For individuals living with intellectual and developmental disabilities (IDD), achieving a sense of community and belonging can be difficult. They face stigma and barriers to success on both inter-personal and systemic levels. Due to these obstacles, organizations must find ways to support community inclusion for their clients.
In this article, we’ll cover what community inclusion is, the most common barriers to it, and how your organization can help clients with IDD become better integrated into their own communities.
What is community inclusion?
Community inclusion among IDD providers refers to services that help persons served integrate with and be valued by their community for their unique abilities and perspectives. This can encompass finding and maintaining employment, social and familiar relationships, and participating in their community’s civic life.
Community inclusion provides a road map to socialization for those with IDD by creating an environment that facilitates individual well-being and a sense of connectedness and worth. Individuals living with IDD and other disabilities can find it hard to connect with their peers or wider community, as research suggests that they frequently feel cut off. As a result of this isolation, individuals with IDD are more likely to experience loneliness.
This is why community inclusion practices are so critical. Community inclusion, or the opportunity to live like everyone else, results in community presence, participation, and increased well-being.
But how can you get started? We suggest following the following principles of community inclusion:
- Choice: Include persons served in each step of the process, allowing them to exercise self-determination based upon personal preference.
- Responsibility: Aid persons served in their efforts to grow from trying new things, learning from mistakes, and trying again.
- Cultural compatibility: Each individual will have preferences based on world view, values, and roles. Respect these cultural norms and work to promote community inclusion in a way that adheres to them.
- Natural supports: These are the various types of relationships that are typically present in a person’s life, such as familial, professional, neighborly, and casual social relationships. For those with IDD, however, these relationships can be difficult to maintain. For those supporting individuals with IDD, it’s important to help them find and nurture natural supports.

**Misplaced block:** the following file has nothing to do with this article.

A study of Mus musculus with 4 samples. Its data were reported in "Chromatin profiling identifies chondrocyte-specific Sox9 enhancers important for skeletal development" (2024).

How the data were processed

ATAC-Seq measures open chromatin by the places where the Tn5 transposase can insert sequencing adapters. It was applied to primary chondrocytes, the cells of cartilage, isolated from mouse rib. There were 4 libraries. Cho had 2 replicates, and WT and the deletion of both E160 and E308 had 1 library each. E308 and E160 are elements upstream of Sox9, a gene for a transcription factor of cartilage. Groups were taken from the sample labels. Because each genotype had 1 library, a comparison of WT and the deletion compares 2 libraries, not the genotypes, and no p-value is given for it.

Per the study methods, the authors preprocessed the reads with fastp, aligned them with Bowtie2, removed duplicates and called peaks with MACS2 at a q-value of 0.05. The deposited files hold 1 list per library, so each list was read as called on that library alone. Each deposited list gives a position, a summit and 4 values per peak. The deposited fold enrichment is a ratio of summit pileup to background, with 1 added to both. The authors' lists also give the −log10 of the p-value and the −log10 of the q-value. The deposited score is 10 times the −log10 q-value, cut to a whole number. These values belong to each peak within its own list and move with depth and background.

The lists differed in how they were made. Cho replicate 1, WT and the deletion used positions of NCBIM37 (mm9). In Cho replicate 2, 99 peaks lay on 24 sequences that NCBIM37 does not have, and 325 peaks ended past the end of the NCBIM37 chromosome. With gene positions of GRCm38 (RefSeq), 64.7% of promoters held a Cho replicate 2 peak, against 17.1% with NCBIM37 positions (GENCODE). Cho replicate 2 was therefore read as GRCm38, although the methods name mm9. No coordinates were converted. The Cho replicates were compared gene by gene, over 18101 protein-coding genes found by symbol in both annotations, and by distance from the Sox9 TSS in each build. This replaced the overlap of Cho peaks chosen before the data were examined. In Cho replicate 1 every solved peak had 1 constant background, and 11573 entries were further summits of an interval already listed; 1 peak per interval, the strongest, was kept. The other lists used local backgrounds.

Including these elements in your community inclusion program will help create both a sense of autonomy and connection to community for persons served.
The 5 “A” barriers to community inclusion
As with all initiatives in human services, your efforts to improve community inclusion for your clients will face some obstacles. While this is frustrating, these obstacles are well-known and documented, allowing you to make a plan to avoid them.
The five main barriers to community inclusion are:
- Affordability. Individuals with IDD have a much lower employment rate than those without a disability, and often live in poverty. This makes accessing public goods and services even more difficult.
- Accessibility. The availability and convenience of public transportation is necessary for most clients to have access to activities and services in the community. Despite passage of the Americans with Disabilities Act in 1990, many physical spaces and programs remain inaccessible to people with IDD. For example, a program may be held in a building that is not accessible to someone using a wheelchair.
- Applicability. Ultimately, an activity or service will only be relevant to your client if it is consistent with their needs, interests, and culture.
- Availability. Some communities offer little to no resources that promote community integration, or resources may be available at times that are not workable for your client.
- Awareness. One aspect of the IDD provider’s role is to network within the community, building both a knowledge base and relationships to enhance their work with individuals. In turn, organizations need to make sure their information is available online, public bulletin boards, and in free community papers.
Now that we know the common barriers to community inclusion, let’s explore what your organization can do to better promote inclusion for your people with IDD.
Best practices for promoting community inclusion
The role of direct support and other IDD professionals in promoting community inclusion requires different approaches than traditionally practiced.
One role is to be knowledgeable of the social context of the person being supported and to facilitate relationships between the individual (or family) and the community.
Some ways that your organization can assist individuals with IDD in expanding their social roles in the community include:
- Helping to mend broken familial and working relationships, as well as friendships.
- Assisting in establishing new relationships, by assessing interests and abilities and facilitating your clients’ inclusion in groups that share these interests. These can include hobbyist groups, jobs that match your clients’ abilities, and more.
An equally important task is to help enhance a community’s capacity to welcome and support its members by addressing issues of stigma and discrimination. To that end, programs and practitioners must work both within their communities to address ableism but also look within the organization to ensure that any ableist practices are changed. Providing training on the rights of people with IDD both to the staff at your organization and to the individuals themselves is one way to address this barrier.